We're sorry, but the page you were seeking does not exist. It may have been moved or expired. Perhaps our search engine can help.
I once watched "The Exorcist" (behind a chair with a coat over my head). It was still scarring. It's all Wayne's fault. He was a hottie on campus, or at least a hottie of my era, when a mullet was considered cute. My roommate and I were following him. (Actually I was - my roommate never thought mullets were hot.) Wayne headed into the movie theater and we followed, not realizing that the movie was "The Exorcist." I am one of those special people who never watch scary movies. Scary includes the likes of "The Legend of Sleepy Hollow" and "Monsters Inc." I've screamed during both of them and probably scared more than one small child.
So there we were, trapped in the makeshift theater on campus with "The Exorcist." We soon realized this was way beyond my capacity to handle. I'm not sure why it made more sense to huddle together behind the chairs with the coat over our heads instead of leaving, but it did make sense at the time. We listened to the movie and I have to admit that I picked up some good lines that I still use, and every now and then we would peek around to see Linda Blair's head spinning. That was enough to ensure a sleepless night for me.
All of that is to say that I don't do well with scary movies, but I am coming to see their value. I once had a teenager tell me that she watched horror movies so she would learn not to be scared. Years later as she confronted an abuser in her life, I wondered if those horror movies helped give her courage.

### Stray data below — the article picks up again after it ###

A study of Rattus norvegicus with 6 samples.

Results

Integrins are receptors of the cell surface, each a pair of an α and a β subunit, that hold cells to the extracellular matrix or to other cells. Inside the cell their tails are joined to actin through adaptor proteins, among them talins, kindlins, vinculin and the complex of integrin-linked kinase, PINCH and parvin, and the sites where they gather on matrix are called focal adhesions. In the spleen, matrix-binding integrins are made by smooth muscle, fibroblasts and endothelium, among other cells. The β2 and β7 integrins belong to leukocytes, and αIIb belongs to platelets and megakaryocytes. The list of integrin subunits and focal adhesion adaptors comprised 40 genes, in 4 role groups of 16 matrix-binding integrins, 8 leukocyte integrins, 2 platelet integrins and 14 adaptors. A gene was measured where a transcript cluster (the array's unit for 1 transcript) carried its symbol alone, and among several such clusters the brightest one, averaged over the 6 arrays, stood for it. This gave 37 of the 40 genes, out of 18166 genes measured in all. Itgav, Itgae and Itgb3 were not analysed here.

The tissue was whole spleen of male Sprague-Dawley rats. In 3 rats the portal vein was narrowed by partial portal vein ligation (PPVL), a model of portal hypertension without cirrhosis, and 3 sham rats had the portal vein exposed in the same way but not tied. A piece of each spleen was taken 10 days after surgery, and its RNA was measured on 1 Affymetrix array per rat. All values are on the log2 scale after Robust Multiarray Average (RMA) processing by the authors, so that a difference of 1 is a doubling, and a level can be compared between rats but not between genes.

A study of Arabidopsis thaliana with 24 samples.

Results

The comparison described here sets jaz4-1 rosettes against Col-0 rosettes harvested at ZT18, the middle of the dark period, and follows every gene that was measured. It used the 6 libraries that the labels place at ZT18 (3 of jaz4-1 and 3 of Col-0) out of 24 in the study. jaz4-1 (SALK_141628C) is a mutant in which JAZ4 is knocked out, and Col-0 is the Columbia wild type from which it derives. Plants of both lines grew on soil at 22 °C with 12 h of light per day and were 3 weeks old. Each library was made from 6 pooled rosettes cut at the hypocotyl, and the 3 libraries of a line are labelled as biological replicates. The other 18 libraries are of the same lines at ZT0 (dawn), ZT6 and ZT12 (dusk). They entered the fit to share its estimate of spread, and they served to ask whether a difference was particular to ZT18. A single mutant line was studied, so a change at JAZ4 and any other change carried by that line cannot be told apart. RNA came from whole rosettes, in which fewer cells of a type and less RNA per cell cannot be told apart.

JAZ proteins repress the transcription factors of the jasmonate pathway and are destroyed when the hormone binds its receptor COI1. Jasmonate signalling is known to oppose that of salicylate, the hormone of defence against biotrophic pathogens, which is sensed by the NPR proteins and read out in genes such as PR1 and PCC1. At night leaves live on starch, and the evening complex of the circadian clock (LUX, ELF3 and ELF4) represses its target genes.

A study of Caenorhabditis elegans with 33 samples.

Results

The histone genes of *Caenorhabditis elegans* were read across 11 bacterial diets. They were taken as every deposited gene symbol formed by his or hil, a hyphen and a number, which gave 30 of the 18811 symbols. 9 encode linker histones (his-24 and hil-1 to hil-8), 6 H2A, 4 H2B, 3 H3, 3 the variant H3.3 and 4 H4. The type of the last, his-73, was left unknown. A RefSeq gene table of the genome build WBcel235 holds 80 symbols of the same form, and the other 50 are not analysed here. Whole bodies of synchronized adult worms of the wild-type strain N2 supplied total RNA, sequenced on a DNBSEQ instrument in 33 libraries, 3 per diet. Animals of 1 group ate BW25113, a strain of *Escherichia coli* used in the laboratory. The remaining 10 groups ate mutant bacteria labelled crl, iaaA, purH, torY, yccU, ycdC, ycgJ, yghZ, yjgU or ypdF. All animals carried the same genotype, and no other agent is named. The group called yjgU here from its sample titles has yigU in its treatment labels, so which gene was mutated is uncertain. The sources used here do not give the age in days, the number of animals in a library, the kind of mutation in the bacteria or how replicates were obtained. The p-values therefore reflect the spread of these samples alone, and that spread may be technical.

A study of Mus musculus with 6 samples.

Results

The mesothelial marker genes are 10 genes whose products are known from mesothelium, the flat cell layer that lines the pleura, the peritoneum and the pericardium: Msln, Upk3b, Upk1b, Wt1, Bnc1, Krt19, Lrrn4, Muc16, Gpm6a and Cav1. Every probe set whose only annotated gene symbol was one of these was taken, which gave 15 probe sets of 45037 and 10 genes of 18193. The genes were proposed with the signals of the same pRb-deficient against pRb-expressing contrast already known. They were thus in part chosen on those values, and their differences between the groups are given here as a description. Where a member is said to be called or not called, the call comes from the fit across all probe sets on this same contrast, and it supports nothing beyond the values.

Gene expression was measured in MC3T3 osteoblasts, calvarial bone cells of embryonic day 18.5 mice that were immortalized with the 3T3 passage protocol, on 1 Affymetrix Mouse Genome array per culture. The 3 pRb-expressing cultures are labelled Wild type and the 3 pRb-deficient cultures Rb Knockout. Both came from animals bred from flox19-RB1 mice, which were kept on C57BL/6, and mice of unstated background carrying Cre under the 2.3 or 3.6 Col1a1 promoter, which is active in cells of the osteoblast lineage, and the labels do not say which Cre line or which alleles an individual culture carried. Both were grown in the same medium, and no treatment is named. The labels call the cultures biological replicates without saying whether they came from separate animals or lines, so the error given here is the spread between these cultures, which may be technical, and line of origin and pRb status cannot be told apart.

We are approaching the season of ghouls and goblins. Lutherans don't normally freak out over the spookiness of Halloween (even though we do kind of freak out that Americans spend $16.9 billion on candy and gum). Halloween is, in many ways, about confronting our fears. We dress up to mock death and evil. Kids also score some good candy out of it, but in our family we talk about confronting the darkness that is growing, we talk about the celebration of All Saint's Day that follows on the heals of All Hallow's Eve and we talk about Jesus' great command, "do not fear."
The guy I follow says "do not fear" almost as much as he talks about love. Somehow I think they go hand in hand. Jesus is continually chastising the disciples' for their fear. Love casts out fear, and fear has the ability to cast out love. I don't watch scary movies to practice being courageous, but I do pray, I do worship, and I actually practice dying. I try to practice those moments of laying down my life, letting go of control, and trusting Jesus' words: "Peace I leave with you; my peace I give to you. I do not give to you as the world gives. Do not let your hearts be troubled, and do not let them be afraid."
Tari Stage-Harvey is pastor at Shepherd of the Valley Lutheran Church.